See the current Perl documentation for lib:Thread.
Here is our local, out-dated (pre-5.6) version:
Thread - multithreading
my $t = new Thread \&start_sub, @start_args;
my $tid = Thread->self->tid;
my $tlist = Thread->list;
Thread module provides multithreading support for perl.
- new \&start_sub
- new \&start_sub, LIST
new starts a new thread of execution in the referenced subroutine. The optional
list is passed as parameters to the subroutine. Execution continues in both
the subroutine and the code after the
new Thread returns a thread object representing the newly created thread.
- lock VARIABLE
lock places a lock on a variable until the lock goes out of scope. If the
variable is locked by another thread, the
lock call will block until it's available.
lock is recursive, so multiple calls to
lock are safe--the variable will remain locked until the outermost lock on the
variable goes out of scope.
Locks on variables only affect
lock calls--they do not affect normal access to a variable. (Locks on subs are different, and
covered in a bit) If you really, really want locks to block access, then go ahead and tie them to something and
manage this yourself. This is done on purpose. While managing access to
variables is a good thing, perl doesn't force you out of its living room...
If a container object, such as a hash or array, is locked, all the elements
of that container are not locked. For example, if a thread does a
@a, any other thread doing a
lock($a) won't block.
You may also
lock a sub, using
lock &sub. Any calls to that sub from another thread will block until the lock is
released. This behaviour is not equvalent to
use attrs qw(locked) in the sub.
use attrs qw(locked)
serializes access to a subroutine, but allows different threads
lock &sub, on the other hand, will not allow
any other thread access for the duration of the lock.
lock will traverse up references exactly one level.
lock(\$a) is equivalent to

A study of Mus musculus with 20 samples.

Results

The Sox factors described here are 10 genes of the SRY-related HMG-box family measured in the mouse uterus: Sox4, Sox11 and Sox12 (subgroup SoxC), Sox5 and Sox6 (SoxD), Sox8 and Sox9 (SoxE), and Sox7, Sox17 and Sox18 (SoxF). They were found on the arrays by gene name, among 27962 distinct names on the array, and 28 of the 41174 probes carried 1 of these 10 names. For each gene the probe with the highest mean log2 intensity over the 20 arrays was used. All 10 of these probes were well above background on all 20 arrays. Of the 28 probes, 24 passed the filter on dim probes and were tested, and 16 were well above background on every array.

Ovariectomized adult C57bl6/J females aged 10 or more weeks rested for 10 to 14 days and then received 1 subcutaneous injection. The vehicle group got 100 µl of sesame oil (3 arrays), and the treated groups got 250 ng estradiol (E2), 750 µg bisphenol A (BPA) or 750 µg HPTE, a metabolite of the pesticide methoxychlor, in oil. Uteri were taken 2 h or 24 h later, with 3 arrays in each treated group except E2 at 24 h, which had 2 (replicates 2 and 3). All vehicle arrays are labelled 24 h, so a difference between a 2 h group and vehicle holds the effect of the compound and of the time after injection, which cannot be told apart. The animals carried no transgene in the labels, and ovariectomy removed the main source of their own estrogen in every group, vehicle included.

lock(\\$a) is not.
- async BLOCK;
async creates a thread to execute the block immediately following it. This block
is treated as an anonymous sub, and so must have a semi-colon after the
closing brace. Like
async returns a thread object.
Thread->self function returns a thread object that represents the thread making the
Thread->list returns a list of thread objects for all running and finished but un-joined threads.
- cond_wait VARIABLE
cond_wait function takes a locked variable as a parameter, unlocks the variable, and blocks until another
thread does a
cond_broadcast for that same locked variable. The variable that
cond_wait blocked on is relocked after the
cond_wait is satisfied. If there are multiple threads
cond_waiting on the same variable, all but one will reblock waiting to reaquire the
lock on the variable. (So if you're only using
cond_wait for synchronization, give up the lock as soon as possible)
- cond_signal VARIABLE
cond_signal function takes a locked variable as a parameter and unblocks one thread
cond_waiting on that variable. If more than one thread is blocked in a
cond_wait on that variable, only one (and which one is indeterminate) will be
If there are no threads blocked in a
cond_wait on the variable, the signal is discarded.
- cond_broadcast VARIABLE
cond_broadcast function works similarly to
cond_broadcast, though, will unblock all the threads that are blocked in a
cond_wait on the locked variable, rather than only one.
join waits for a thread to end and returns any values the thread exited with. join will block until the thread has ended, though it won't block if the thread
has already terminated.
If the thread being joined died, the error it died with will be returned at this time. If you don't want
the thread performing the join
to die as well, you should either wrap the join in an eval or use the
eval thread method instead of join.
The eval method wraps an eval around a join, and so waits for a thread to exit, passing along any values the thread
might have returned. Errors, of course, get placed into
tid method returns the tid of a thread. The tid is a monotonically increasing
integer assigned when a thread is created. The main thread of a program
will have a tid of zero, while subsequent threads will have tids assigned
starting with one.
The sequence number used to assign tids is a simple integer, and no
checking is done to make sure the tid isn't currently in use. If a program
creates more than 2^32 - 1 threads in a single run, threads may be assigned
duplicate tids. This limitation may be lifted in a future version of Perl.
attrs, Thread::Queue, Thread::Semaphore, Thread::Specific.